NY Times: Say, Hillary Is Pretty Much A Liar On Her Email Server, Eh?

The NY Times Editorial Board has finally chimed in on the State Department’s report on Hillary’s illegal email server, and finds her to be as secretive and lying as always, which is interesting, considering the same NY Times EB has been rather supportive of Hillary and dismissive of her detractors, regarding her email issues

(NY Times) Hillary Clinton’s campaign for the presidency just got harder with the release of the State Department inspector general’s finding that “significant security risks” were posed by her decision to use a private email server for personal and official business while she was secretary of state. Contrary to Mrs. Clinton’s claims that the department had “allowed” the arrangement, the inspector general also found that she had not sought or received approval to use the server.

So far, no security breaches have been reported; a separate F.B.I. investigation is looking into that. But above and beyond security questions, the inspector general’s report is certain to fuel doubts about Mrs. Clinton’s trustworthiness, lately measured as a significant problem for her in public polls.

Significant? I’d say so, as noted at the Washington Free Beacon

Voters most associate the words “liar,” “not trustworthy,” and “scandals” with Democratic presidential frontrunner Hillary Clinton, according to the most recent NBC News/Wall Street Journal poll.

Kornacki also described how only 19 percent of voters believe Clinton is honest and straightforward, according to the NBC News/Wall Street Journal poll.

Trump hits 35%. Oh, and the FBI investigation? They aren’t just looking into whether there were any breaches: they’re investigating whether laws were broken by Clinton and her cohorts, including the Espionage Act. Back to the Times

This defensive posture seems at play in the email controversy, as well as her refusal, for that matter, to release the lucrative speeches she made to Wall Street audiences. The reflex she is revealing again now — to hunker down when challenged — is likely to make her seem less personable to many voters, and it will surely inflame critics’ charges of an underlying arrogance.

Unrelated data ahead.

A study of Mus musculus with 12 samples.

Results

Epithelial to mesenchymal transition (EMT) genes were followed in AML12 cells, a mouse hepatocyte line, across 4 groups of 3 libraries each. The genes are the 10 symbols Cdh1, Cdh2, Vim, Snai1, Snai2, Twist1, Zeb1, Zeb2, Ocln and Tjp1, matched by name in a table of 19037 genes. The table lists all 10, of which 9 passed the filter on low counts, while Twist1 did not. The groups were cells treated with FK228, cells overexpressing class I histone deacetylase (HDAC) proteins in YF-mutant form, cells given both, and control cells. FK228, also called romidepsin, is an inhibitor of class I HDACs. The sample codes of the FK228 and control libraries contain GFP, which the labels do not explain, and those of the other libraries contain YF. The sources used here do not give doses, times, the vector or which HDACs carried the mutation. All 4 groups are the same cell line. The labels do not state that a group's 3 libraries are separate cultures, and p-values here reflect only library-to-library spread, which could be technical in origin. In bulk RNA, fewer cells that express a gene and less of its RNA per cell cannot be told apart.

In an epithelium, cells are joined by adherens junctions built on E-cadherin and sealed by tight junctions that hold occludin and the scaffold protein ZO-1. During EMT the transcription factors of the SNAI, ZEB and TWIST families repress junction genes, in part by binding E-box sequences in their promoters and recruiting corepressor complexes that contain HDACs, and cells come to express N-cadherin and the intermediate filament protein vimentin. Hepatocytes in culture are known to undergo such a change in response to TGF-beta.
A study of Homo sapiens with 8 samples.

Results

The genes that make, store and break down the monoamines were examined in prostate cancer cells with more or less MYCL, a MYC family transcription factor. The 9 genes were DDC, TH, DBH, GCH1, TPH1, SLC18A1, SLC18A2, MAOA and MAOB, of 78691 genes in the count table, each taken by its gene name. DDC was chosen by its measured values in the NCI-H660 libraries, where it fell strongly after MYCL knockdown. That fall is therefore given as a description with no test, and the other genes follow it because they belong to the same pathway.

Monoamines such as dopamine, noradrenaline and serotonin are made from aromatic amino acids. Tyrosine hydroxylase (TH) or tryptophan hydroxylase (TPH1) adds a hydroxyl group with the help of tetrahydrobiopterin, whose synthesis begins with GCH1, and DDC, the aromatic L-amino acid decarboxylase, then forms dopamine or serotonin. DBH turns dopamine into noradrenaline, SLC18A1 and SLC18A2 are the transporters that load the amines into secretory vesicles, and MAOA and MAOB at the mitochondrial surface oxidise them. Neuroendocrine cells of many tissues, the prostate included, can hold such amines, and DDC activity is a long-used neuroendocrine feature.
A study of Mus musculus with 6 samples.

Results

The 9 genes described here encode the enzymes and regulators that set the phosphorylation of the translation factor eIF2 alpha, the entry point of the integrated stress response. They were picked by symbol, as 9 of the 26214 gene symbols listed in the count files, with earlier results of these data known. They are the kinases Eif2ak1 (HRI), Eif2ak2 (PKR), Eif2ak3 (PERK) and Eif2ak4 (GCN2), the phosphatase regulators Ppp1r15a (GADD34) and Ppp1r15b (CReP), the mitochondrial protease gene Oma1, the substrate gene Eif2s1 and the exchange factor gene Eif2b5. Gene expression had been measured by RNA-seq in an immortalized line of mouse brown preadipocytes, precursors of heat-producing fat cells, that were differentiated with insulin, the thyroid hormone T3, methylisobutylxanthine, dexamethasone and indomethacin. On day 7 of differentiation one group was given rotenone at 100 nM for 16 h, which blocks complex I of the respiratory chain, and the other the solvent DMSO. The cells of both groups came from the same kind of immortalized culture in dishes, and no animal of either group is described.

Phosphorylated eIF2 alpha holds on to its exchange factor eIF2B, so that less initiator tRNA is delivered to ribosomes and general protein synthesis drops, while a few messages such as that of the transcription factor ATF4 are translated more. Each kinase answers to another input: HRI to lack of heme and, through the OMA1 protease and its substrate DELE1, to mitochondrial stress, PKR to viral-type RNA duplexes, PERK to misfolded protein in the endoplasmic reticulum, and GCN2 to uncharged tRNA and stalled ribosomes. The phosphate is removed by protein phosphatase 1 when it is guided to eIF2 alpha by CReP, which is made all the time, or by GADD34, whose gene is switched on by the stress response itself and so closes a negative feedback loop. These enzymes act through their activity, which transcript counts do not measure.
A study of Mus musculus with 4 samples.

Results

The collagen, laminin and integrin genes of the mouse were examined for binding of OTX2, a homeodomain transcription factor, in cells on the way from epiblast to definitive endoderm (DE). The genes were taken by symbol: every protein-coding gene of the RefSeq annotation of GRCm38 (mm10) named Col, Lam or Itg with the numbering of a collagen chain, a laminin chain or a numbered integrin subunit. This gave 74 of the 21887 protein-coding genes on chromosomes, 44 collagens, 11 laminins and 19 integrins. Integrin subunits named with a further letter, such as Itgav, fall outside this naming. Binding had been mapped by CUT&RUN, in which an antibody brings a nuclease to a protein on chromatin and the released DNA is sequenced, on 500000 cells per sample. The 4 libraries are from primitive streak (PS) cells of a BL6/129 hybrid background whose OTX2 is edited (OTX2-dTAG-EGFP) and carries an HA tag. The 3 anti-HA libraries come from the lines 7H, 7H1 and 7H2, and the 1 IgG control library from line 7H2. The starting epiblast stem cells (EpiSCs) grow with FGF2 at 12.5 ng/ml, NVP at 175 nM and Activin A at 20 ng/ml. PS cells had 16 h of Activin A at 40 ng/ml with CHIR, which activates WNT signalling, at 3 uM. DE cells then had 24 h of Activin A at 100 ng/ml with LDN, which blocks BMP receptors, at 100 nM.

Donald Trump, her Republican rival, will be merciless in swinging the inspector general’s report like a cudgel. Accordingly, Mrs. Clinton now faces a measurably greater challenge in proving that she is the well-qualified politician her supporters know her to be, based on her varied career as a senator, secretary of state and first lady deeply involved in public life. This is a challenge to be faced not with a contrived campaign makeover, but with a far greater investment of candor before the public.

Two points. First, don’t expect candor. A Zebra cannot change its stripes, and the comments of Hillary and her surrogates since the report was released show they are attempting to spin it away. Second, we’re still waiting to hear exactly what her accomplishments were.

Even now, it seems a stretch to say that Mrs. Clinton’s email mishaps should disqualify her for the White House, particularly considering the alternative of Mr. Trump with his manifold evasions — not least his refusal to release tax returns that could shed light on his claims to great wealth, his charitable contributions and other deductions and possible conflicts of interest.

They aren’t mishaps: they break the law. If you were a private citizen using an outside server in an attempt to keep your corporate email conversations separate from the company, you could easily be in civil and criminal trouble. It’s those pesky records keeping laws, and the government has them for the government, as well. Oh, plus all those criminal laws about protecting national security material, for which others have been prosecuted, and convicted, over much less. Trump hasn’t broken the law.

But the nation should not be judging leadership as a measure of who is less untrustworthy. Mrs. Clinton has to answer questions about the report thoroughly and candidly. That is her best path back to the larger task of campaigning for the presidency.

Interesting: we’re suddenly supposed to ignore trustworthy as a measure of leadership.

Crossed at Pirate’s Cove. Follow me on Twitter @WilliamTeach.